By Carolyn Bigda
WWR Article Summary (Tl;dr) Women and Money, it’s not only the young who are concerned about their financial well-being. Plenty of women in their 30’s and 40’s can also use the advice of Carolyn Bigda to get debt under control and finances in order. As Carolyn suggests…. “every dollar counts and is counted”
When I was in my early 20s, I was living in a mouse-infested apartment and counting every penny.
If you’re young and in a similar situation, let me tell you from experience: There’s hope! Your diet, one day, will include more than ramen noodle packs and you won’t have to snuggle up with a mouse at night.
But a better financial future takes effort and good advice.
Be realistic about student loans: Many students need to borrow money in order to pay for college. But Mark Kantrowitz, a student loan expert, said it’s imperative to keep that debt “in sync” with your potential income.
“Education debt may be good debt because it is an investment in your future, but too much of a good thing can hurt you,” he said.
His suggestion: Keep your total student loan debt to less than your projected annual salary after graduation. (You can find a number of salary estimator tools online.) Do so, and you will be able to repay your student loans in 10 years or less, Kantrowitz said.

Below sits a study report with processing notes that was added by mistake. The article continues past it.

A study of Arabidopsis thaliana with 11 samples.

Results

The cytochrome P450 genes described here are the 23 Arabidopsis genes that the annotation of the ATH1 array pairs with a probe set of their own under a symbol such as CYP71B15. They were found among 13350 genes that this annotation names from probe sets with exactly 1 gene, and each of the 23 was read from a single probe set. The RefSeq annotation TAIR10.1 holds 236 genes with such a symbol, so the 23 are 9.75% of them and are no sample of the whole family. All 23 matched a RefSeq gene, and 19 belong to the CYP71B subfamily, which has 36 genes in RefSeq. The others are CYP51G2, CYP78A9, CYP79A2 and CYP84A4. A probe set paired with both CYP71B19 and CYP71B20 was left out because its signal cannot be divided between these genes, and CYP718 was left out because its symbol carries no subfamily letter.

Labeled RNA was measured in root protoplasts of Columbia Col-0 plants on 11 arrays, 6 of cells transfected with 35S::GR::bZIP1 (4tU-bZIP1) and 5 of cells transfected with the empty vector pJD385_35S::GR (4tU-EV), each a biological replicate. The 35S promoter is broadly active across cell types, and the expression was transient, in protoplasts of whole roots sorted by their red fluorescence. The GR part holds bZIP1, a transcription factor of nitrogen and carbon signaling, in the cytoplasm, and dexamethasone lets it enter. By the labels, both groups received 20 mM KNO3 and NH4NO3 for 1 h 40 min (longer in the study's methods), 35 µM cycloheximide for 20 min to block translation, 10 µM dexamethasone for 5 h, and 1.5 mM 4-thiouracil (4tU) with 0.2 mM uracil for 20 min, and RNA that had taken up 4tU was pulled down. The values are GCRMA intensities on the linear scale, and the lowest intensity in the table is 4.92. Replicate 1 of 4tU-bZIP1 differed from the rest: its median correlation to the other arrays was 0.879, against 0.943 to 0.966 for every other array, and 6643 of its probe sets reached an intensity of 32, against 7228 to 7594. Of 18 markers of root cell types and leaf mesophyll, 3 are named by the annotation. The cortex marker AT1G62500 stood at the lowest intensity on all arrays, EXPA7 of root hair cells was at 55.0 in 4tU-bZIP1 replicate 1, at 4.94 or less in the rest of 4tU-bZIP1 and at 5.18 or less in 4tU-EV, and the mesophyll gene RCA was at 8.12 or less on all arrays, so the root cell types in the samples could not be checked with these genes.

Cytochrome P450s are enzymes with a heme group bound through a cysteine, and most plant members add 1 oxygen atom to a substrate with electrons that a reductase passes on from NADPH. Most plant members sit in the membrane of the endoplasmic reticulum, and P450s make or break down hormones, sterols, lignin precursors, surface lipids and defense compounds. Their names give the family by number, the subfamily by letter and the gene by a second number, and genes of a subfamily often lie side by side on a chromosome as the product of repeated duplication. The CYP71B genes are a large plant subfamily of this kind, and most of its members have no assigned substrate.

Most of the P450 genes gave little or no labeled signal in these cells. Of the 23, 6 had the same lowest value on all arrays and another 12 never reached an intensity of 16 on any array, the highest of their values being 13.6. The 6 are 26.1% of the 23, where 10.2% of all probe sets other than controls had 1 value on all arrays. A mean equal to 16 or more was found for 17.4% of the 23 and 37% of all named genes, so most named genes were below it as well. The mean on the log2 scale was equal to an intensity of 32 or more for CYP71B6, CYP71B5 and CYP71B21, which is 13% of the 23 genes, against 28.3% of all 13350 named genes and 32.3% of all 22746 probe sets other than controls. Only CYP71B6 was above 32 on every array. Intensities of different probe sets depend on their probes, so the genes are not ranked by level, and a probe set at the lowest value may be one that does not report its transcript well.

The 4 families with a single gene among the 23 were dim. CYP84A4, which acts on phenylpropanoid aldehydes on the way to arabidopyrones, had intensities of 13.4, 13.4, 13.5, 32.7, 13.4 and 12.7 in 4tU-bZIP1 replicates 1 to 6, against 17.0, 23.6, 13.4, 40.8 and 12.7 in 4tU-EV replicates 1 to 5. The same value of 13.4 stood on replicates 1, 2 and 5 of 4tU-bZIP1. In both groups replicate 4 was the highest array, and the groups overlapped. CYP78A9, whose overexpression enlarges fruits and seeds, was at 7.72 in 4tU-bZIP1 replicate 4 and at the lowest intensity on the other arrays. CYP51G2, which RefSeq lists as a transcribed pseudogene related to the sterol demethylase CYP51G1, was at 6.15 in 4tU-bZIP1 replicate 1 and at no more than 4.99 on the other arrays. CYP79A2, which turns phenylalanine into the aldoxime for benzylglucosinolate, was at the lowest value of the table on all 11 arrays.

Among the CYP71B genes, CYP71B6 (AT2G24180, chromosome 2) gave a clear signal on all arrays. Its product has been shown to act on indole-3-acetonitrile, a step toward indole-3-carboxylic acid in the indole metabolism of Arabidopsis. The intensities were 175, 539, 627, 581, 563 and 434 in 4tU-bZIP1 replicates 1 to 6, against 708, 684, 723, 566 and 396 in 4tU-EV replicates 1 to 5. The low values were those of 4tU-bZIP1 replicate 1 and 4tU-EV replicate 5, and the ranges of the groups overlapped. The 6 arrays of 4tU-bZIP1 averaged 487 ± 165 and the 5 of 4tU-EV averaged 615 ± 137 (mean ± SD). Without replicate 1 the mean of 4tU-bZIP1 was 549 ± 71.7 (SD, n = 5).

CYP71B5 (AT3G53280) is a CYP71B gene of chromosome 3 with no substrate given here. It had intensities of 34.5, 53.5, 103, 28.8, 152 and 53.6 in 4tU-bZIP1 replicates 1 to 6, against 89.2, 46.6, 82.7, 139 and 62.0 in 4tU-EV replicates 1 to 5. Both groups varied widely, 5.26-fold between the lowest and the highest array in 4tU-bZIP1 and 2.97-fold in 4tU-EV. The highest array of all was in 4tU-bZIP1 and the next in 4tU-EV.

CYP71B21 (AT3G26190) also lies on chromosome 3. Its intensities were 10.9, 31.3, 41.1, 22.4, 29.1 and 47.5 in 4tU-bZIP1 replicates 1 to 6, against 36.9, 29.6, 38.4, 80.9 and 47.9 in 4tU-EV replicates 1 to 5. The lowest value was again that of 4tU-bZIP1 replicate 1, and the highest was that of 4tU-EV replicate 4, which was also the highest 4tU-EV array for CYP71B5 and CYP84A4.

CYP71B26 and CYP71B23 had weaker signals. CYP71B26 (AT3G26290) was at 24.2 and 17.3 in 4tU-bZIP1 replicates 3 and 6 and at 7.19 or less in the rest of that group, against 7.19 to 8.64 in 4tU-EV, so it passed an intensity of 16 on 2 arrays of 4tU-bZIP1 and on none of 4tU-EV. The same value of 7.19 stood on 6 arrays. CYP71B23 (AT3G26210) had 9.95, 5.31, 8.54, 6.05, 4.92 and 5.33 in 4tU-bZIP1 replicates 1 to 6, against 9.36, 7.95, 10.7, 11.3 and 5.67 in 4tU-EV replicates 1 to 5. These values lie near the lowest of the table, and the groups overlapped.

If you borrow more, you’ll likely need an alternative repayment plan after college in order to afford your monthly student-loan bill.
“These plans reduce the monthly payment by stretching out the loan term, and that means you might still be repaying your student loans when your children enroll in college,” he said.
Think about your career early: You don’t have to decide on a career as a freshman, but it’s a good idea to start exploring the possibilities early, said Philip Gardner, director of the Collegiate Employment Research Institute at Michigan State University.